Two months ago I boldly predicted that Donald Trump would be out of the presidential race before the first votes were counted in January. Can I have that one back?
Despite every logical reason (logical in terms of traditional politics) – like, for example that he can’t possibly be elected – to expect that his balloon would burst, as have those of pompous buffoons like him in the past, Mr. Trump is not only still around; he’s still leading on all of the national polls. So, I suppose it’s fair to ask: What’s going on? Is the party really going to nominate this guy?
Well, for openers, I think we have to acknowledge, at least I now will acknowledge, that it is possible (possible as in plausible). If Trump continues to appeal to that large segment of the Republican base that hates everything about government and thinks the more maverick you sound, the better you’d be for the country, then he most definitely could win enough delegates in the primaries and caucuses to be a viable candidate at the convention next summer.
And with the party unlikely, at this point, to have an establishment candidate with a groundswell of support, any candidate who is viable at the convention could emerge with the nomination. That isn’t a prediction; it’s just recognizing reality.
Of course, it’s also reality to note that at this point, in terms of a horse race, we aren’t even at the starter’s gate yet. The horses, such as they are, are prancing around the track, showing their stuff, but they really haven’t been tested with so much as a caucus, let alone a primary. To be sure, that will change quickly once the calendar turns to 2016, and if Trump (or any candidate scores a big win early) it can change the landscape in a New York minute.
But in the meantime, much of the Republican talk is still focused on Trump, and the media are all over him and his continuing ability to get headlines by saying outrageous things.
I think I have figured out his method. He picks up on unrest from his base of supporters and says something absurd (like we need to keep all Muslims from coming into the country, presumably by asking everyone if they are Muslims when they seek entry). Then, after the media make a lot of noise about how crazy the idea is, Trump will make it sound slightly less crazy (like “it will all be very humane” or “there will be exceptions for citizens”). Then, when the polls show that he has actually gained support (or at least not lost any), he will circle back towards his original outrage. (Or, if there are signs of push-back – as with the claim that Muslims were dancing in the Jersey City streets after 9/11 – he’ll make the original statement sound less outrageous than it was.)
Some might call him a charlatan or a demagogue. He’s certainly a little of both. I think of him more as a megalomaniac, which is a person who thinks he or she has unlimited power or importance. If you listen with even a little objectivity to Trump, that’s what comes across. He thinks he’s great at everything, at least at everything he sets out to do.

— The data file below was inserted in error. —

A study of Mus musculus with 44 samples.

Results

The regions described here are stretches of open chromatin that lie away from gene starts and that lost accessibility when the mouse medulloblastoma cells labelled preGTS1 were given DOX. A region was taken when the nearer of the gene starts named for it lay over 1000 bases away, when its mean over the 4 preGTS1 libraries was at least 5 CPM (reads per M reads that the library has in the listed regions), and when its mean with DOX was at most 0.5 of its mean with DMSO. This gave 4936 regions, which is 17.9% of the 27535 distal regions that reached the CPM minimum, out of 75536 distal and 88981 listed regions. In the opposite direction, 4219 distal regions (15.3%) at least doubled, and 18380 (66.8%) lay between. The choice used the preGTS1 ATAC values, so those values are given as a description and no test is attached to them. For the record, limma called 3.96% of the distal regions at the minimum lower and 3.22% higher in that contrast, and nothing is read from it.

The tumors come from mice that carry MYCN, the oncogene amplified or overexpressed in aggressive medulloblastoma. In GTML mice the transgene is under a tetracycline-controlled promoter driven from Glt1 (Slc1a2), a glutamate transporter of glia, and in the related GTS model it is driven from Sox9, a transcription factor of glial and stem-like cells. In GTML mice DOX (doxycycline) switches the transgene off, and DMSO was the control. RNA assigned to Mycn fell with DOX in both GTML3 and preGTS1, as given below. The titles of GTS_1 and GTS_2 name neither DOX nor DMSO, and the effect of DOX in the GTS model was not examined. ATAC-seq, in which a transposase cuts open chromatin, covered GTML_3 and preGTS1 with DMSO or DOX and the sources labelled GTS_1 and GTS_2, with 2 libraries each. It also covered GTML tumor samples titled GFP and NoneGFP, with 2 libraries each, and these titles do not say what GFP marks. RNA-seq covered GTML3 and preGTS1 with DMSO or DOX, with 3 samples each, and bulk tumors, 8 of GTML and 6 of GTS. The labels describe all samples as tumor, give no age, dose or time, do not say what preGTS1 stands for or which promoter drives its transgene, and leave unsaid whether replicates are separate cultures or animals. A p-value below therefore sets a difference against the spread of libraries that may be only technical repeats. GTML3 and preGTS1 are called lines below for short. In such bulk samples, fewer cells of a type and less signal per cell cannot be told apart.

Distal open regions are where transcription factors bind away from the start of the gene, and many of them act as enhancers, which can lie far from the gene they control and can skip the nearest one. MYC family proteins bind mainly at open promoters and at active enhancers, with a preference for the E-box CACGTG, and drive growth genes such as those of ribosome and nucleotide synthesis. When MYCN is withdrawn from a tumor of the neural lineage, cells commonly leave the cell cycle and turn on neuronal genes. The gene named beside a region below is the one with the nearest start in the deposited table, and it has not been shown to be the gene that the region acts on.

And if you look at his career, that’s the image he has always tried to create. Trump Towers, mega-model wives, always in public view for one business venture or TV show or political campaign: this is a man who desperately needs to think that he is superior to everyone else. And he proudly displays that need with a machismo that would be laughable were it not so pathetic.
But in the meantime, he has to be viewed as a potential nominee of one of the two major political parties in America. And that fact definitely isn’t laughable.
In chats with some of my die-hard Republican friends, the spin I’m hearing is that Trump doesn’t just appeal to Republicans. I don’t doubt the truth of that statement, but my reply is that, for now, he’s the Republicans’ problem. And he’ll remain their problem so long as he is leading in the polls (and even more so if he wins a few early primaries or caucuses).
That he might ultimately become a problem for Democrats hasn’t gotten much attention yet. Hillary Clinton is far more concerned about a possible Marco Rubio nomination than she is about Donald Trump or even Ted Cruz. Actually, I think the Clinton brain-trust still most fears a mainstream candidate like Chris Christie or John Kasich (or even Jeb Bush, if he weren’t so embarrassingly inept and hapless). The biggest threat to Clinton is someone who could appeal to those independents who are independents because they think carefully and vote for the person who will make the best president. That is the sliver of the electorate that would decide the election if a legitimately qualified candidate emerges with the Republican nomination.
If Trump (or Cruz, who is Trump in a suit, if you get the metaphor) gets the nomination, it will be tough for the Republicans to hold the Senate, let alone win the White House. We saw this kind of thing in 1964 when Barry Goldwater led the Republicans to a massive defeat that gave veto-proof control of Congress to the Democrats. I wouldn’t predict anything that dramatic if Trump or Cruz actually wins the nomination, but many down-line Republicans would suffer voter defection if one of those two (but especially Trump) heads the national ticket.
So, yes, Trump is the Republicans problem for now, but if, just if, he somehow finds a way to spread his appeal more broadly and actually get elected, ah, then we’re talking about something far more serious. Then he becomes the nation’s problem, and, potentially the world’s. I’m not comparing him to Adolph Hitler, but he could engender that kind of pseudo-nationalism.
It wouldn’t be a movement that he’d lead; rather, it would be one that grew out of his megalomania and, ultimately consumed it and the rest of us along with it.